Yeah, it seems everyone these days is on some kind of restricted diet. Just try throwing a party or inviting others over for dinner, you soon learn all about it.

My cardio incident has had me essentially eliminating eggs, butter, and cheese from what I eat – three glorious mainstays that now get in only as gingerly applied additives or, for the cheese, in low-fat and fat-free versions. And it’s red meat no more than once a week. Look up the Healthy Heart stuff if you want. I’m trying to be stricter than that, at least for a while.

Simply reading the labels on most prepared products is a horror story. Do you know how many bad fats show up in cookies or doughnuts or, oh my, just about everything snack like? And forget fast food along the highway. No, I’m not stopping at McDonald’s for a salad and having to inhale all that lovely fry-vat grease in the air. At least around the corner there’s sushi. Or a bagel with jam or jelly, no cream cheese, though lox might pass the test. You get the point.

My cholesterol levels weren’t bad before, but since the stent went in, my medical professionals want them even lower. Well, I pushed the profile down sharply in five or six weeks. It can be done.

I’m considering this as perpetual Lent of a Greek Orthodox sort, with a few tradeoffs like red wine thrown in. OK, mine’s not really that strict – I’m not vegan – but I am applying many of the lessons we gleaned from observing a strict Advent back in ’16.

Among the negative tradeoffs is caffeine, which my primary care physician wants cut down to a cup a day, max. I’m there now but do miss the second big mug (café au lait style, heavily laced with one-percent milk and sugar) as well as the midafternoon pickup. A substitute instant brew found at the natural foods store is surprisingly satisfying, apart from its lack of kick. The lingering question is do I shift to decaf, which strikes me like cheating but cuts out the caffeine? Any suggestions?

Well, the caffeine reduction is essential if I’m to address another issue. Will spare you the details, for now. Maybe forever.

At least the garden’s kicking in. A sorrel sauce on the asparagus almost has me forgetting mayonnaise, melted butter, or a runny egg or two atop the spears. Do I cheat with the fresh whipped cream when the strawberries hit in a few weeks? I’m already planning on that low-fat mayo when the tomatoes finally flood us in August – you don’t need the bacon to create a great sandwich, especially if you use basil instead of lettuce.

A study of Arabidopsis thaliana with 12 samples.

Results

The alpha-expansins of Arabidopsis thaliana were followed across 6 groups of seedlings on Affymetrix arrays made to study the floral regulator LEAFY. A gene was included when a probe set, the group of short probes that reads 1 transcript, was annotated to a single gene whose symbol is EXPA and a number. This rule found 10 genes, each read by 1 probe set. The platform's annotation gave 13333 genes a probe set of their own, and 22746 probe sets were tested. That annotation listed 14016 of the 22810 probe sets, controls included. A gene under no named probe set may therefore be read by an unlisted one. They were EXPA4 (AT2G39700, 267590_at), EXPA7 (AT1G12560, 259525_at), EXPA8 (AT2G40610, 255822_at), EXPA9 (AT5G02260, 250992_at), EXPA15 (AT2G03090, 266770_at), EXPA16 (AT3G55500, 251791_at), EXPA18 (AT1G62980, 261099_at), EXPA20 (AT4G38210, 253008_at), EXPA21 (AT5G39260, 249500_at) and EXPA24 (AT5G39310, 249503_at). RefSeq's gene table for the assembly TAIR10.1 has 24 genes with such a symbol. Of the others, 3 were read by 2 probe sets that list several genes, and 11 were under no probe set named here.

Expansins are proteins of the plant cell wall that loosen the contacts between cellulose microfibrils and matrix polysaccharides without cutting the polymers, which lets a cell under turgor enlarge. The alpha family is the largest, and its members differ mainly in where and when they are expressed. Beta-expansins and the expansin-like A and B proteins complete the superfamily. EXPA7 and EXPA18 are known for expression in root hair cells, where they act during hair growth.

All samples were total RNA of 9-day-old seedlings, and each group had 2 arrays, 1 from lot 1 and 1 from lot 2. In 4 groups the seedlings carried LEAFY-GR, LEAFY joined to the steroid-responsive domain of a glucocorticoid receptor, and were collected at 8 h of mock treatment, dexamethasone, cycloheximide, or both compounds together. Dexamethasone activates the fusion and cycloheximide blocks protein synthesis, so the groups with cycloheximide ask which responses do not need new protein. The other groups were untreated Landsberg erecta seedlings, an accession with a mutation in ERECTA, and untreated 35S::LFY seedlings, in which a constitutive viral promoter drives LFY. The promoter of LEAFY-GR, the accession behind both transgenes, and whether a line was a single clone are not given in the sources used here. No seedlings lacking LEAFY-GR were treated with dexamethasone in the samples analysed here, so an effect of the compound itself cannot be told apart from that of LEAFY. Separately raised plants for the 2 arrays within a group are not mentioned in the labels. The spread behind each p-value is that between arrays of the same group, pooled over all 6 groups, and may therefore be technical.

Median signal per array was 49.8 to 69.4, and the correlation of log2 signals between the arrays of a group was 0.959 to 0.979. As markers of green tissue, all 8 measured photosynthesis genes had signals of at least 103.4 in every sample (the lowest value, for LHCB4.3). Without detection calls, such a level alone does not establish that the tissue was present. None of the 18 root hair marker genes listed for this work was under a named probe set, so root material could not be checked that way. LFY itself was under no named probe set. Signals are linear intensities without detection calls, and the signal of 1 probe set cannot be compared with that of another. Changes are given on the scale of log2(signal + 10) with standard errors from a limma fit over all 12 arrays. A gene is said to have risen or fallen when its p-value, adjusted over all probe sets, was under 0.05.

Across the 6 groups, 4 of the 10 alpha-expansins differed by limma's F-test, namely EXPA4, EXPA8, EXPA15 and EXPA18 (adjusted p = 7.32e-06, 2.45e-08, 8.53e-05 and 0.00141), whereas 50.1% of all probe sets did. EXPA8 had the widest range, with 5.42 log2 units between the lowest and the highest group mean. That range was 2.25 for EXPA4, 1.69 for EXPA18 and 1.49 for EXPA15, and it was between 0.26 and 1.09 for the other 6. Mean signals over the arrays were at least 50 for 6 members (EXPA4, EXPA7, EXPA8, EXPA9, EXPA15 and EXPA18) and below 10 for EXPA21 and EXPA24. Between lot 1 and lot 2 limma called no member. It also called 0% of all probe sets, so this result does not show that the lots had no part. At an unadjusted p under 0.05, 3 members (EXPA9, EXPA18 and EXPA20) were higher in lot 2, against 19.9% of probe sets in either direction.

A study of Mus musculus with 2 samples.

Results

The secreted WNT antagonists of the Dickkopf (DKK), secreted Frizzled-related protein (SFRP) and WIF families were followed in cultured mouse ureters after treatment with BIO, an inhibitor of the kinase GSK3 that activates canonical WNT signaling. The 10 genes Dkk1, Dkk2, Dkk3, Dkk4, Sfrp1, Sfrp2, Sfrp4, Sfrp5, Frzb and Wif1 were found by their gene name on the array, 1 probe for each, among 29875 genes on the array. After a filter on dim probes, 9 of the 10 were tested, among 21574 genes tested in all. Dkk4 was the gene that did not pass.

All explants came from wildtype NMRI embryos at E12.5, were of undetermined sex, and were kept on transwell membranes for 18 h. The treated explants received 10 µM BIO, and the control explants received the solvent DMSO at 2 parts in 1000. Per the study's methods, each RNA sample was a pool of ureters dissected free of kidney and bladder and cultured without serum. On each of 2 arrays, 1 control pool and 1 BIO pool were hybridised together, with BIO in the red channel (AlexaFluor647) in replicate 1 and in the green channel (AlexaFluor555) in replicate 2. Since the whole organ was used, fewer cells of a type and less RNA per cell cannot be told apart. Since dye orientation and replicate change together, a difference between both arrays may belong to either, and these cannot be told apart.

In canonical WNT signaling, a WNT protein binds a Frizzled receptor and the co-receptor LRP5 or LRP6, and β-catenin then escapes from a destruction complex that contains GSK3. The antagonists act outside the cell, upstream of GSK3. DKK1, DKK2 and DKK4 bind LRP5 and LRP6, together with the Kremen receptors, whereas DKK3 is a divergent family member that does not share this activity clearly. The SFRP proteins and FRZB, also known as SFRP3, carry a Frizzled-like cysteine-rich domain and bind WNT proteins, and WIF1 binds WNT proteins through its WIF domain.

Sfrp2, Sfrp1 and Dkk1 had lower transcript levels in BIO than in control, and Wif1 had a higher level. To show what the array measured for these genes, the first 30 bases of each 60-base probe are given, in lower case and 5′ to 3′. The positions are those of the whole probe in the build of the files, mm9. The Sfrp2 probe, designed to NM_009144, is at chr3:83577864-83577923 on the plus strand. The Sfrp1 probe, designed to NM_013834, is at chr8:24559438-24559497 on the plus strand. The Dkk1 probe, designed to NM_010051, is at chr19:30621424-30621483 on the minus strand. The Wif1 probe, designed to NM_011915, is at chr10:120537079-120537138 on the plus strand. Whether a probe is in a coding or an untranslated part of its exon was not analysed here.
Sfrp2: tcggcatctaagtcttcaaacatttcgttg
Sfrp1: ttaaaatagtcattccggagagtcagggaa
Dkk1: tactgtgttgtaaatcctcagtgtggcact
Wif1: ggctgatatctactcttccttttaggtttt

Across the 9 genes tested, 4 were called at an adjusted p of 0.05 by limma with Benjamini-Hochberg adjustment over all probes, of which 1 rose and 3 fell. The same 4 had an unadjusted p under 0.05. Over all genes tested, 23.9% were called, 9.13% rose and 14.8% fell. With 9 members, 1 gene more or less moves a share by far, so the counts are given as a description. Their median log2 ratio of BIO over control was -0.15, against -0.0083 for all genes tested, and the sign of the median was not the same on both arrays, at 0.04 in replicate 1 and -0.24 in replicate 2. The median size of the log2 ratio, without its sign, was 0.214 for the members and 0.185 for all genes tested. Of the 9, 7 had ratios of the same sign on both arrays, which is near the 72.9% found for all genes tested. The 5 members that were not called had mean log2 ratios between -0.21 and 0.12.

I hate to sound grumpy. This getting older does have its downsides, doesn’t it?

7 thoughts on “BIG DIETARY CHANGES, OH, BOY …

  1. I’m sorry to hear of your heart problems but am very glad you are okay. I certainly have no suggestions and no right to offer any. Although I am a petite female at a healthy weight I have the cholesterol of a 300-pound man, but I also have low blood sugar. Per doctor’s orders I must eat protein every 3 hours or so, and protein means an egg or some cheese, a chicken breast, a protein bar full of nuts, not so good for someone with high cholesterol. What’s a body to do? I do hope you get it all sorted out and end up with a diet that is both healthy and satisfying.

    1. My wife and I are both glad that diabetes or high blood pressure or the like are not an added factor. We are looking for alternatives to my carb intake.
      The fact is that these considerations are far more widespread than we often notice.

  2. try this… its really good —————- Vegenaise® is an egg-free spread that is a healthier, tastier option to regular mayo. Made with exclusively Non-GMO ingredients and using only heart-healthy, expeller-pressed oils, Vegenaise® delivers the smooth creamy texture of mayo without any of the cholesterol, trans fats or preservatives. Vegenaise® is naturally gluten- and dairy-free, is certified Kosher Parve, and is made with the highest quality ingredients that are verified by the Non-GMO Project.

    Made with non-GMO, expeller-pressed Canola oil, low in saturated fats and high in essential omega-3 fatty acids!

    Free of eggs, milk products, tree nuts, peanuts, wheat, gluten, corn, yeast, and starch.

      1. Oh, my … how are we going to define decent? Starbucks and Dunkin’ Donuts are everywhere, so I’m assuming you’re ruling those out. We make ours strong, with a Cuban roast from Costco, should you be swinging across the New Hampshire seacoast region. How do you define decent?